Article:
Imagine having lunch and then sunbathing in the afternoon on one of St.-Tropez’s beaches and waking up the next morning in a castle in the midst of some of the most beautiful mountain scenery in all of Europe. This is the magic of Cote d’Azur and the close proximity of its many spectacular sights and experiences, and nowhere can this be better realized then by spending a night or two at the Trigance Castle adjacent to the Gorge du Verdon.
It is the Gorge, not the castle, that brings visitors to the area, and with only ten rooms, the castle for most is going to be no more than a photo shot as one travels north from the village of Comps to the Gorge. For those lucky enough to stay there, though, Trigance Castle is likely to be the highlight of visiting this rugged, scenic area.
The castle was originally constructed by monks in the 10th century, but it has had many lives and underwent many changes over the next 500 years. Then, like so many French castles and fortresses of early vintage it was destroyed during the revolution. It was not until 1961 that the restoration began that turned the Trigance Castle into a luxury hotel with one of Michelin’s highest ratings
In our stay, we were lucky enough to be upgraded to one of two rooms fit for royalty, but that was secondary to having a splendid dinner in the vaulted dining room and breakfast on a terrace surrounded by the rock-dominated mountains typical of the area. Having drinks on the outdoor patio in the late afternoon was a treat as well.
One does not go to the Gorge du Verdon, though, just to enjoy the pleasures of a luxurious castle hotel, and the Gorge does not disappoint. Most visitors come north from Route 8 through Draguignan and Comps and get their first look at the Gorge at the Mescla Balcun. What one sees from these stone balconies a few yards from the road are enough to let you know that you are seeing something quite unique with the winding and narrow Verdon River surrounded on both sides by rock formations rising more than 3,000 feet.
A couple of miles west from the Mescla Balcun one comes to the bridge at Artuby that spans the Gorge and also provides spectacular views of the canyon. A little further to the east is a restaurant, Les Cavaliers, which looks out over the canyon. From there one can see hikers below as well as getting a good meal.
At this point the road moves away from the Verdon River and passed the village of Aiguines before rejoining the river near where it intersects with Lac Ste. Croix, which brings a whole new perspective to the region. From the bridge across the Verdon north of Aiguines, on a nice day one looks down upon water filled with kayaks many of which are venturing into the gorge itself. While most will stick to their cars and cameras, the Gorge is a wonderful place for hiking and kayaking.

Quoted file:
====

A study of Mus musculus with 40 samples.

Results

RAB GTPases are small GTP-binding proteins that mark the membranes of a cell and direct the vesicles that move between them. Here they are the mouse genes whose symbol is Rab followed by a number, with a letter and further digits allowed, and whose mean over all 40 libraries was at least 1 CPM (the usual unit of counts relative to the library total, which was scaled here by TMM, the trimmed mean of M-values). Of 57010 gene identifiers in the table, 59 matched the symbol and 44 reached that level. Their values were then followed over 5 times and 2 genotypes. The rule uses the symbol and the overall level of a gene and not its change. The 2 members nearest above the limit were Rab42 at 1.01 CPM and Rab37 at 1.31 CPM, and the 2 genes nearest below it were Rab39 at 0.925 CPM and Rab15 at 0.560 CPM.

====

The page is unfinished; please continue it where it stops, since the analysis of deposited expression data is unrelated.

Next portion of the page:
Doing the full circuit of the Gorge requires heading north to the historic community of Moustieres-Ste.-Marie that dates back to Roman times and has a much visited church, Notre-Dame-de-Beauvoir with its chapel perched on the hill behind it. The present day chapel is built on the remains of its 9th century predecessor, and it is an easy 10 minute walk up the stone steps to get there and look down upon Moustieres and Lac St. Croix. Moustieres is another gateways to the Gorge and well worth the visit, even if not for an overnight stay.
If not staying at the Trigance Castle, my personal choice for an overnight in the area is the 2nd century Roman village of Salinae that is today called Castellane – the other “gateway” to the Gorge. It was one of several villages in Roman times that were on or near the road that connected the Alpes-Maritimae capital of Cemenelum (now Nice) with Sisteron and other northern Gallic cities. Today that road is the Route of Napoleon and just north of Castellane, it winds its way through a tunnel cut through stone that is relatively unique for such a major highway.
Castellane is a great place to spend an overnight before or after visiting the Gorge and is worth a visit in on its own merits just to see the Notre-Dame-de-Roc perched on a cliff behind the medieval Church of St. Andrew, 590 feet above the village. For those with the energy, it is a 45 minute walk to the top to see the view that those who lived on the top of the hill centuries ago considered a necessity of a dangerous life rather than a thing of beauty.
At the bottom of the cliff sits Castellane’s peaceful village square, which includes a great place to spend the night – the Nouvel Hotel du Commerce. It serves an excellent dinner, has nice rooms and is well-located for enjoying this quiet town that has seen so many visitors pass through for centuries.
This blog includes excerpts from my book, A Traveler’s History of Cote d’Azur.